B CORPS ARE CHANGING BUSINESS-AS-USUAL

 

At the end of August this year, members of the Business Roundtable, a group made up of the United States’ leading CEOs, announced that they “share a fundamental commitment to all of [their] stakeholders”, not just their shareholders, and stated a pledge to start delivering value “to all of them” (1). Public support for these statements was strong, but many questioned whether these CEOs could walk the walk, not just talk the talk. That’s where the B Corp community came in and made a huge offering that could change business-as-usual forever. Before we jump too far into the story however, let’s go through a short history lesson so you can fully understand the true significance of these statements and events.

 

Introducing the Father of Corporate America

 

Prior to the 1970s, businesses were managed to benefit all stakeholders. This means the aim of businesses was to bring value to customers and to their employees (2). All of that changed in the 1970s however when an economist named Milton Friedman argued “that the fundamental obligation of managers is to return profits to shareholders- not to invest corporate funds in endeavors that they find socially beneficial…” (3). As a result, top executives were incentivized to focus solely on their shareholders while their responsibility to care for their stakeholders- including employees, customers, and even the environment, was compromised as a result.

 

Enter business as a force for good

 

Over the next 50 or so years, the international community felt the impact of Friedman’s philosophy in the form of poor social and environmental sustainability practices by businesses worldwide. Meanwhile, the rise of climate change awareness transformed the perception of sustainability from an idealized tree-hugger ideology to a business case for managing risk. For example, in the largest study on climate change data and corporations, 72% of the companies surveyed stated “that climate change presents risks that could significantly impact their operations, revenue, or expenditures” (4). In short, businesses were receiving increasing external pressures from the environment and from societal demands, to return to the traditional responsibility of business which valued all stakeholders.

 

During this time, the B Corp Certification came to life! The B Corp Certification has encouraged thousands of businesses, like SPUD, to expand the responsibility of business from just shareholders, to all stakeholders. You can read more about it here.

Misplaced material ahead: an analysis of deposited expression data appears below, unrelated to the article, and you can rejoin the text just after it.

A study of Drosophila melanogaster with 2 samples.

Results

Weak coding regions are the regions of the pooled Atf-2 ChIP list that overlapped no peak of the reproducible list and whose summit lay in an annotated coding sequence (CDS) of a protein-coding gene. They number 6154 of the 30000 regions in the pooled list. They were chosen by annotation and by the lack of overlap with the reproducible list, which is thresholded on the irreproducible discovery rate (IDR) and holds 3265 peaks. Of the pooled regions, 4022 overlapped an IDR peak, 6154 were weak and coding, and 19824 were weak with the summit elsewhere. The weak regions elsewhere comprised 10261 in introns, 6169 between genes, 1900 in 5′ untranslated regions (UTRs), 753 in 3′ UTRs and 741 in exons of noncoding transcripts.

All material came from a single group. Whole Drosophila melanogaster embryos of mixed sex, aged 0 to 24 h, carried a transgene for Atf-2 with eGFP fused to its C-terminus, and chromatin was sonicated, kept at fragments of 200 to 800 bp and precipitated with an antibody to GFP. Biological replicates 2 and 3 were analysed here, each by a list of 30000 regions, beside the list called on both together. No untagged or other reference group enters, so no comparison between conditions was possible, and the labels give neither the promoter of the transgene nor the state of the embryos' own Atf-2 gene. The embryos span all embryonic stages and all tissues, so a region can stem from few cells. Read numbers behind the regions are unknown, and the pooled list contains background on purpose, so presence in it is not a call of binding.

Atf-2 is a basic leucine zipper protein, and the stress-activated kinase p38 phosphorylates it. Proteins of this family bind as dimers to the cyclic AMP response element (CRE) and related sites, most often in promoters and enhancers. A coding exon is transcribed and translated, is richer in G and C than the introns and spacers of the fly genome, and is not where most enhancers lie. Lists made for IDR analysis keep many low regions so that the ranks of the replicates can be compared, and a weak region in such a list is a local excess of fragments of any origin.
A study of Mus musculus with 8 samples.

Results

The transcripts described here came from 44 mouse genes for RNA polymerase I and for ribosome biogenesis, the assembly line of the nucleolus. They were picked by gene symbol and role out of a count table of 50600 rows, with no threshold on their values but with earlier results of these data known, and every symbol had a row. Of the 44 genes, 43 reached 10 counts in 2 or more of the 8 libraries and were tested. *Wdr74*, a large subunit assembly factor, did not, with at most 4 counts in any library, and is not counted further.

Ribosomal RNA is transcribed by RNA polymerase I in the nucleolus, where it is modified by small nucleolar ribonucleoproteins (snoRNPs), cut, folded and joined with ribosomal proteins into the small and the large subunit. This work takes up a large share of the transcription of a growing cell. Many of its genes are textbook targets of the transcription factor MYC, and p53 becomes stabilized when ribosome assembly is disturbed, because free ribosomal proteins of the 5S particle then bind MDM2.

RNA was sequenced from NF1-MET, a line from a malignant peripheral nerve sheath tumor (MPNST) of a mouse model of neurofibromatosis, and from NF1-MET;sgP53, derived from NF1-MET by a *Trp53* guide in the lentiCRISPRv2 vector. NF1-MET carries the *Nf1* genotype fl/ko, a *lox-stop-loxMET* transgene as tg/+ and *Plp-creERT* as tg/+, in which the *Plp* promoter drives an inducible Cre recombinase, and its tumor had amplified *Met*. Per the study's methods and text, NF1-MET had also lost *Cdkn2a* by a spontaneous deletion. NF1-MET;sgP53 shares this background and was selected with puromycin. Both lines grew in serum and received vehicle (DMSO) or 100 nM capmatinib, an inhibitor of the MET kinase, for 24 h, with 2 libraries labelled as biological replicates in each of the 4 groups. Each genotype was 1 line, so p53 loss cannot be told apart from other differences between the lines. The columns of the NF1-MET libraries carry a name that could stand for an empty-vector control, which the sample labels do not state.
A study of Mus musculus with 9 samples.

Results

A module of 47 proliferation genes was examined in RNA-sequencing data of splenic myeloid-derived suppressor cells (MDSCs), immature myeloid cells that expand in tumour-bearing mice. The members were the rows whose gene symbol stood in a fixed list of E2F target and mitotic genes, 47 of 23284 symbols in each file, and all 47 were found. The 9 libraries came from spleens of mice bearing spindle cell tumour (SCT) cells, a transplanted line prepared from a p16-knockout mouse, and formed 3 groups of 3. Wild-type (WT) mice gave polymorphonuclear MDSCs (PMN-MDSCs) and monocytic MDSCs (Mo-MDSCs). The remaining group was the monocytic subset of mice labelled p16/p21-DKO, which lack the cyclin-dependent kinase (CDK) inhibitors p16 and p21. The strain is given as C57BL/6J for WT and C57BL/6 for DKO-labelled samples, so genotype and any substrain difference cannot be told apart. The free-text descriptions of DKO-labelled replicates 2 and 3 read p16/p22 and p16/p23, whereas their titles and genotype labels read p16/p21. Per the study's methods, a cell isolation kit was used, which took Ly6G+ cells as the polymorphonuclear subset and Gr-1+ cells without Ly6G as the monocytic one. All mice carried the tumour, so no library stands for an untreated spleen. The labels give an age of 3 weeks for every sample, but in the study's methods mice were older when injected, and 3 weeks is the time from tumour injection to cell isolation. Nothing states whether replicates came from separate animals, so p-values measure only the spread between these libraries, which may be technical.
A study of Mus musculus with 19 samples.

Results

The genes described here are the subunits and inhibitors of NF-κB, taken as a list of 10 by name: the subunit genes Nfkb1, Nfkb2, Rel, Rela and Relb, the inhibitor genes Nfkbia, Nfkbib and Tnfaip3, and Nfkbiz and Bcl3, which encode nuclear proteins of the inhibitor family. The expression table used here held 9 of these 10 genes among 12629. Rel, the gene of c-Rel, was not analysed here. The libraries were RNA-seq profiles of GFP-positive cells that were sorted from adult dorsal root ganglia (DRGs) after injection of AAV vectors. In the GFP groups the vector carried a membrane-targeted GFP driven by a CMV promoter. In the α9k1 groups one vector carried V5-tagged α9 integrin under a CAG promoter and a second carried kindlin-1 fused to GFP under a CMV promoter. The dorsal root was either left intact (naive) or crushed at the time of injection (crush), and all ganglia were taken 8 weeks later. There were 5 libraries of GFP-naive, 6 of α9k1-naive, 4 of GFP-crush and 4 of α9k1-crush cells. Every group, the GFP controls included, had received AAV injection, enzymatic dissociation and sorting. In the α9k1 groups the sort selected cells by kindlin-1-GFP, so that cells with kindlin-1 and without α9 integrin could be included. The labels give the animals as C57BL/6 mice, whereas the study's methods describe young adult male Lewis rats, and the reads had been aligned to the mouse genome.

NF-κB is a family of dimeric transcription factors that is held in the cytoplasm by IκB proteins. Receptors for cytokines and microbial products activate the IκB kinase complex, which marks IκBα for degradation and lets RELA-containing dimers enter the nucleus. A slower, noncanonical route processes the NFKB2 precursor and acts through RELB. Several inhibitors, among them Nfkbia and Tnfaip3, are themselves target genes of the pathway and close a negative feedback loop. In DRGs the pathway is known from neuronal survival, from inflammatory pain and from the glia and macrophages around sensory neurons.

An unlikely offer

 

Although Certified B Corps continue to grow, the majority of businesses still follow Friedman’s mantra from the 70s. That being said, the recent announcement made by the Business Roundtable was the first time in over twenty years that the CEOs at the Business Roundtable did not endorse “principles of shareholder primacy – that corporations exist principally to serve shareholders” (5). On the contrary, the Roundtable affirmed the need for: “meeting or exceeding customer expectations”; “investing in our employees” ; “dealing fairly and ethically with our suppliers”; “supporting the communities in which we work”; and “generating long-term value for shareholders” (6).

 

Although this is exciting news, Certified B Corps know it takes a lot of work to integrate sustainability into all levels of a company. To ensure that the CEOs of the Roundtable follow up on their promises, the B Corp community launched this full-spread ad in the New York Times, offering their support to help businesses adopt sustainable practices.

It is thanks to you

 

This moment could be huge as we see the corporate world finally understanding the need to change business-as-usual, and it is thanks to you that this moment has come. Thank you for supporting Certified B Corps, like SPUD, and using your dollar as a vote for the kind of world you want to live in.

 

 

Sources

1) Wartzman,  Rick. “Ameria’s top CEOs say they are no longer putting shareholders before everyone else.” Fast Company. https://www.fastcompany.com/90391743/top-ceo-group-business-roundtable-drops-shareholder-primacy.

2) Sorkin, Andrew Ross. “How Shareholder Democracy Failed the People.” New York Times. https://www.nytimes.com/2019/08/20/business/dealbook/business-roundtable-corporate-responsibility.html?action=click&module=RelatedLinks&pgtype=Article.

3) Smith, H. Jeff. “The shareholders vs. stakeholders debate.” MIT Sloan Management Review 44.4 (2003): 85-90. 

4) Fink, Carly and Tensie Whelan. “The Comprehensive Business Case for Sustainability.” Harvard Business Review. https://hbr.org/2016/10/the-comprehensive-business-case-for-sustainability.

5) “Business Roundtable Redefines the Purpose of a Corporation to Promote ‘An Economy That Serves All Americans.'” Business Roundtable. https://www.businessroundtable.org/business-roundtable-redefines-the-purpose-of-a-corporation-to-promote-an-economy-that-serves-all-americans.

6) Wartzman,  Rick. “Ameria’s top CEOs say they are no longer putting shareholders before everyone else.” Fast Company. https://www.fastcompany.com/90391743/top-ceo-group-business-roundtable-drops-shareholder-primacy.

Michelle Austin

Michelle is SPUD's Marketing and Sustainability Coordinator. She believes a sustainable food system is the key to creating a environmentally-friendly and just world. You can often find her in the mountains biking, hiking or skiing.